Affective Tourism: Dark routes in conflict


This book brings together, explores and expands socio-spatial affect, emotion and psychoanalytic drives in tourism for the first time. Affect is to be found in visceral intensities and resonances that circulate around and shape encounters between and amongst tourists, local tourism representatives and places. When affect manifests, it can ‘take shapes’ in the form of emotions such as fun, joy, fear, anger and the like. When it remains a visceral force of latent bodily responses, affect overlaps with drives as expounded in psychoanalysis. The aim of the title, therefore, is to explore how and in what ways affects, emotions and drives are felt and performed in tourism encounters in places of socio-political turmoil such as Jordan, Palestine/Israel, with a detour to Iraq.

Affective Tourism is highly innovative as it offers a new way of theorising tourism encounters bringing together, critically examining and expanding three areas of scholarship: affective and emotional geographies, psychoanalytic geographies and dark tourism. It has relevance for tourism industries in places in the proximity of ongoing conflicts as it provides in-depth analyses of the interconnections between tourism, danger and conflict. Such understandings can lead to more socio-culturally and politically-sustainable approaches to planning, development and management of tourism.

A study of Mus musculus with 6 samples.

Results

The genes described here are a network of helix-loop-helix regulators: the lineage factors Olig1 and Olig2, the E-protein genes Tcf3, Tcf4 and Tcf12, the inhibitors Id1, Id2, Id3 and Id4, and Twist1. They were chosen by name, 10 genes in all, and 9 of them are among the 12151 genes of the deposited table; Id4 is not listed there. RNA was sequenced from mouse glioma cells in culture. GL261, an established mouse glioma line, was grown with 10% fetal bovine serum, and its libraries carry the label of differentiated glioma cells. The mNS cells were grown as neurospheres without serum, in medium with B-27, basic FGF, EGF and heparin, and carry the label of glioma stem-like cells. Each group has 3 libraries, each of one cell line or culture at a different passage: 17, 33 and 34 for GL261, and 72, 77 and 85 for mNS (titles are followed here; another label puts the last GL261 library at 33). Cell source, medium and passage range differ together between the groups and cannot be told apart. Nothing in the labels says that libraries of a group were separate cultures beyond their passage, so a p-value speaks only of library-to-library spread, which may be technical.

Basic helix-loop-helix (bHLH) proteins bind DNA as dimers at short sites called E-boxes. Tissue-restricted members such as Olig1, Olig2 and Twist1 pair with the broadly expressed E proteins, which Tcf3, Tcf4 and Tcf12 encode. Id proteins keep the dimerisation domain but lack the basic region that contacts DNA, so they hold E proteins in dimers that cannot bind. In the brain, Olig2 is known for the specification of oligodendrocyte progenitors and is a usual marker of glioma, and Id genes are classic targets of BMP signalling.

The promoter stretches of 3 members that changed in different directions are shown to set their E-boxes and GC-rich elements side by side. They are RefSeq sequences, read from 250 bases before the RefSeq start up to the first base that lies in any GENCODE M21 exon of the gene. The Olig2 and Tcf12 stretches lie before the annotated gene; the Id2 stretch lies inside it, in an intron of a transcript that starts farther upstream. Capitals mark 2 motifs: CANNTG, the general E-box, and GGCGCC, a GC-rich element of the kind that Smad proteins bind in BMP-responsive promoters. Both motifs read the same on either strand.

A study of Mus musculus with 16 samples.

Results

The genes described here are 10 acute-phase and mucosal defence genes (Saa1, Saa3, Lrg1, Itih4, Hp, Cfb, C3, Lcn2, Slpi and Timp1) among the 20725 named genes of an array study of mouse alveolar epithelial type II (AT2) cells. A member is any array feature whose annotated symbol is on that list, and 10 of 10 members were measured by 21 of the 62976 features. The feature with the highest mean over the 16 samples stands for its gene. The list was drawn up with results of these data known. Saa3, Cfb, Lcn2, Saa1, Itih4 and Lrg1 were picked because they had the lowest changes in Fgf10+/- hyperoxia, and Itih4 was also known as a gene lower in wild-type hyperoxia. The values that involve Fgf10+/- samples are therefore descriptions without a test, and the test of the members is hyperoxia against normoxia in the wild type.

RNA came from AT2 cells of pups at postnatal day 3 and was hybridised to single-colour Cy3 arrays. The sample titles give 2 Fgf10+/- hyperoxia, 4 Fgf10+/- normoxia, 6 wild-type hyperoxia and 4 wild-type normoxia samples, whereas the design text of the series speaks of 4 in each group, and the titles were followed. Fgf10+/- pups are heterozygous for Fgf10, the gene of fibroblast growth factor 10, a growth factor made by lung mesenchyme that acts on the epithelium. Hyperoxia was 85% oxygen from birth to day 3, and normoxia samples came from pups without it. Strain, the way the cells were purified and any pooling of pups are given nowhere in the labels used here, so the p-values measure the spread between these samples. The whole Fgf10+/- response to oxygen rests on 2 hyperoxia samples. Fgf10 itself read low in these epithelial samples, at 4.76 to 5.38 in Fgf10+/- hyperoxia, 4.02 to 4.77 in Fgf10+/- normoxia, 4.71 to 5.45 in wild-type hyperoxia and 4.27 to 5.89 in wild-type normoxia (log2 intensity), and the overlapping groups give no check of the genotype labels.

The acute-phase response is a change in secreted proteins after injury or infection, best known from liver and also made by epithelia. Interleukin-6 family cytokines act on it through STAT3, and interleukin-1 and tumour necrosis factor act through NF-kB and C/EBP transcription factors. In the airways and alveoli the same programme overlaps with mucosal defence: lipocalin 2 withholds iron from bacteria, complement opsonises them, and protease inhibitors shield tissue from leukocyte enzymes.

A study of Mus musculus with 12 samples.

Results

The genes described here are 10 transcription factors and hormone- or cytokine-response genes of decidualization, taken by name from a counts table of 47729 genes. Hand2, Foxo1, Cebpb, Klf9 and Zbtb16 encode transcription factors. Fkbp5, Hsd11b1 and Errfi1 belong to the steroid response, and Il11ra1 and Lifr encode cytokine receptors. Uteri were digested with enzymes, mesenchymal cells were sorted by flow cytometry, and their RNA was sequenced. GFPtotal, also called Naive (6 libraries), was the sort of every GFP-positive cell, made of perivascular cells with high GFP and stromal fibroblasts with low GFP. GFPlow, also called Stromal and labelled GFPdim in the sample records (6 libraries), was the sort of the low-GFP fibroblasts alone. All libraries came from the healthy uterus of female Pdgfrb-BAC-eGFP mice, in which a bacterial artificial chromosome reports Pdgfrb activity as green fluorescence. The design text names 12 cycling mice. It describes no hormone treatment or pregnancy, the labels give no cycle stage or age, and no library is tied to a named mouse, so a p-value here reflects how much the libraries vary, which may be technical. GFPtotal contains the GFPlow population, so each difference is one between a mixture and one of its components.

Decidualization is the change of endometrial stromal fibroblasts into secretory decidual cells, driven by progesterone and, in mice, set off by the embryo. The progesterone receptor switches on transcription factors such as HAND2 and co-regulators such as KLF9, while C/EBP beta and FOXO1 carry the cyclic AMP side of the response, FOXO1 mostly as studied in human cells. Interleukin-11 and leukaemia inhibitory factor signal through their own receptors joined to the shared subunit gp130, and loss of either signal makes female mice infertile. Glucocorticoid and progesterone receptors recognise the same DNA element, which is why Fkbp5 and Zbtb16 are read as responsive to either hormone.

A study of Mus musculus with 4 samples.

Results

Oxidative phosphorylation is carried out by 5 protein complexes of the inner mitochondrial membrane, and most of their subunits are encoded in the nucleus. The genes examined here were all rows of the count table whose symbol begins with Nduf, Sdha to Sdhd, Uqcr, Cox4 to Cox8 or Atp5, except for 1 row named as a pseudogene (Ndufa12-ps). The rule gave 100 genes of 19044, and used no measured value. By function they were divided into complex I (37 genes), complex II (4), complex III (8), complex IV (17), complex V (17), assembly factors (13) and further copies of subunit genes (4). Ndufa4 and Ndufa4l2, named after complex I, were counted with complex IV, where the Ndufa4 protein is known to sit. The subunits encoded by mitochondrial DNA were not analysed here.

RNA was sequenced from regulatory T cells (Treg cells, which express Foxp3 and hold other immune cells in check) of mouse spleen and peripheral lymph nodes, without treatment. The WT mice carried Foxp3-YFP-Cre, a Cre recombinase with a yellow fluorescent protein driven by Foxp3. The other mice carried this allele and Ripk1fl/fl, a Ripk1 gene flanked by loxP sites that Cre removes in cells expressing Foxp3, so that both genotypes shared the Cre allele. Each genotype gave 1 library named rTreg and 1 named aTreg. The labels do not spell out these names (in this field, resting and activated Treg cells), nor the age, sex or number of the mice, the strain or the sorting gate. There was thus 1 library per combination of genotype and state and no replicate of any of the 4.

This ground breaking book will be of valuable reading for students and researchers from a number of fields such as tourism studies, geography, anthropology, sociology and Middle Eastern studies.


affective routes in Middle Eastern tourism
PART IV Retour


Dorina Maria Buda is a Rosalind Franklin Fellow and Assistant Professor in the Department for Cultural Geography at the University of Groningen in the Netherlands. Her scholarship in geographies of tourism revolves around interconnections between affect, emotion and psychoanalysis. Adopting a critical approach, she particularly focuses on tourism in areas of socio-political turmoil.